Prior to wedding celebrations, Cambodian men and women normally have an engagement which can be held on any lucky day suggested by fortunetellers. On the other hand, their weddings can only be celebrated during dry season, from November to March, and in the months that have 30 days. On special occasions like Khmer New Year, Pchum Ben festival, Water festival, Birthdays of either Brides or Grooms, etc., the celebrations cannot be hosted at all.
Generally, Khmer weddings lasted for three days and nights in an ancient time since number 3 was associated with the three jewels of Buddhism, known as the Buddha, the Sangha and the Dhamma. Throughout their special days, the brides and grooms were dressed up in bright and colorful silk costumes like royalty, and their wedding celebrations were comprised of diverse traditional ceremonies, songs, food, and more.
On the first day of the wedding, three crucial ceremonies, namely Dowry Offering, Monk Blessing, and Honoring Parents, were celebrated. In the early morning, the groom’s family traveled to the bride’s house to give her parents the dowry as money and gifts. The monks then came to bless them with fragrant lotus water. During the blessing period, everyone remained quiet, put their both hands together and bowed to the monks. Afterward, the bride and groom honored each other’s parents and immensely thanked them for bringing them up till they reached marriage ages by holding umbrellas over them.
On the next day, many other ceremonies, including Groom’s Professional Parade, Honoring the Ancestors, Hair-Cutting (Cleansing) Ceremony, Passing of Blessings and Knot-Tying Ceremony, were celebrated in chronological orders. First and foremost, the groom, accompanied by guests holding trays of fruit and presents, paraded to the bride’s house to offer her the gifts. During his arrival at the gate, the bride went out to welcome him and receive gifts from him, while all the trays, both silver and gold, would be placed on the floor inside the house. Simultaneously there was a young lady dancing and singing at the gate to show the wealth of the groom’s family.
Afterward, the bride and groom started to honor their ancestors by preparing food as well as tea and bowing their heads in front of altar ancestors inside the house, while a person invited ancestors to come to bless them with happiness, prosperity, success, and so on. Then they went outside to celebrate Hair-Cutting Ceremony. The bride and groom sat in chairs next to each other, while two Cambodian singers and elders who join their wedding pretended to cut their hair and even sprayed the perfume over them. This ceremony, based upon the traditional belief, can help clean all of their previous sins and be ready to begin the new chapter of their lives as a couple.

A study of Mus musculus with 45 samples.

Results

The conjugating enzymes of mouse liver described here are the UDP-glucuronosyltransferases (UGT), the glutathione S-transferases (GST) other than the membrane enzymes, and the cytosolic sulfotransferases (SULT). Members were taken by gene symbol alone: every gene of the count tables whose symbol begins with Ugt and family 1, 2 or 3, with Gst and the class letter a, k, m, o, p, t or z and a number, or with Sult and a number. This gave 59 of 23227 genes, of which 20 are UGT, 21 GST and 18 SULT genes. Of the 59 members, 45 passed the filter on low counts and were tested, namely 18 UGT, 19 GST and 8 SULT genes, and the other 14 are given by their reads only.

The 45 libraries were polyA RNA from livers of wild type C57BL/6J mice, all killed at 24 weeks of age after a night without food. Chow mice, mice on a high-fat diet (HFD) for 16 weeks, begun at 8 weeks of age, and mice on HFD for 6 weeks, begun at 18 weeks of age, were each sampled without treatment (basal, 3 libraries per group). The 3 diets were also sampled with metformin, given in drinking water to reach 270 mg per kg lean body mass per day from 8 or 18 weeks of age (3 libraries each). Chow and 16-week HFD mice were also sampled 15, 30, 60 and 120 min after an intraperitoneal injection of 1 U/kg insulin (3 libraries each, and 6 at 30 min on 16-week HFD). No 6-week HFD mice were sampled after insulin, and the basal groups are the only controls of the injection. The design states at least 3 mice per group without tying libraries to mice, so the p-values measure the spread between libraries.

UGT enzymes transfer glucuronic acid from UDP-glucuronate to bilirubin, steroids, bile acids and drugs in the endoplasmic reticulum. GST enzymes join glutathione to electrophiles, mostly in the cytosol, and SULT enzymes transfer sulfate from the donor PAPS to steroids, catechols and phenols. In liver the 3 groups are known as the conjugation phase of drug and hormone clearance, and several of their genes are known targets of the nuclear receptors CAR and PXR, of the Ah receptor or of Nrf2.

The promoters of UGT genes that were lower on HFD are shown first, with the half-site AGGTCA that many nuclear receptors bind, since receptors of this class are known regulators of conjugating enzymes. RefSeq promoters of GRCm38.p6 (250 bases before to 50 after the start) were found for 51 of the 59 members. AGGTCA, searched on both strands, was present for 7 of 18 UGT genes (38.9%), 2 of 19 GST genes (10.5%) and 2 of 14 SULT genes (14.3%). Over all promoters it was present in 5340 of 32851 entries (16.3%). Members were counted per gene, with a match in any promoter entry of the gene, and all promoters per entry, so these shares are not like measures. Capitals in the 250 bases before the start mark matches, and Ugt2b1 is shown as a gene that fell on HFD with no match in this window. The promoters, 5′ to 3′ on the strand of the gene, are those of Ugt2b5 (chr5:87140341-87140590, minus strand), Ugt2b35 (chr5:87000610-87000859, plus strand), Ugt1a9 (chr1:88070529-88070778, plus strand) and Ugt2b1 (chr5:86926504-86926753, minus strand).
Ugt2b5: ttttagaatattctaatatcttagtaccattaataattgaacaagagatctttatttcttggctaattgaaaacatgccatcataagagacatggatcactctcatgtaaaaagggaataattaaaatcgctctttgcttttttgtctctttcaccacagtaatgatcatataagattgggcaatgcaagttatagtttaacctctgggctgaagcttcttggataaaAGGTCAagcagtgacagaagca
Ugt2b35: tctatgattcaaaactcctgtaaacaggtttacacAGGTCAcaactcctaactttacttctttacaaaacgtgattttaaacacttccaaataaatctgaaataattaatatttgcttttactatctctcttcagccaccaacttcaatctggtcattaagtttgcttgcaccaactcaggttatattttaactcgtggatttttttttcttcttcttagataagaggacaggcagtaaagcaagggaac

Next they went into the house to celebrate the other two ceremonies, denoted as Passing of Blessings and Knot-Tying Ceremony. They both knelt inside the circle made up by married couples who would pass three candles around them seven times. This ceremony was believed to bring them luck and happiness from those couples. When it was done, family members and guests would tie red strings around the newlyweds’ wrists as this, relying on the traditional belief, could provide them with good lives. Additionally, it even made their love affair last long. To end the celebration within the second day, white seeds taken from palm tree pods, called Pka Sla in Khmer language, were thrown over the bride and groom as a blessing.
On the third day, all the honor guests attending the celebration would get wedding gifts from the newlyweds and be served with a sumptuous dinner. At around 8 pm, the bride changed her clothes, from colorful Khmer traditional costume to a long white dress, while the groom would be attired into a black suit. They then embraced each other’s hands tightly and walked straight on the red rug placed from the entrance to the stage with guests standing along both sides to throw jasmines as blessing over them. And when they reached the stage, they thanked their parents for making their big day happen and even all the guests joining their wedding. Afterward, they walked down the stage, cut the wedding cake and gleefully danced together, followed by their honor guests.
All in all, Khmer traditional wedding is such a convivial event for each and every individual, in particular the brides and grooms, involving in it. Yet owing to the assumption that spending three-day periods to host a wedding event is such a waste of time plus resources, the celebrations these days are shortened into just one day and a half, while traditional ceremonies, including Groom’s Professional Parade, Honoring the Ancestors, Hair-Cutting Ceremony, Passing of Blessings, Knot-Tying Ceremony, Dinner Reception, etc., are still kept the same as the weddings in the previous generation. To make every wedding nowadays meaningful and unforgettable, extra activities are even included.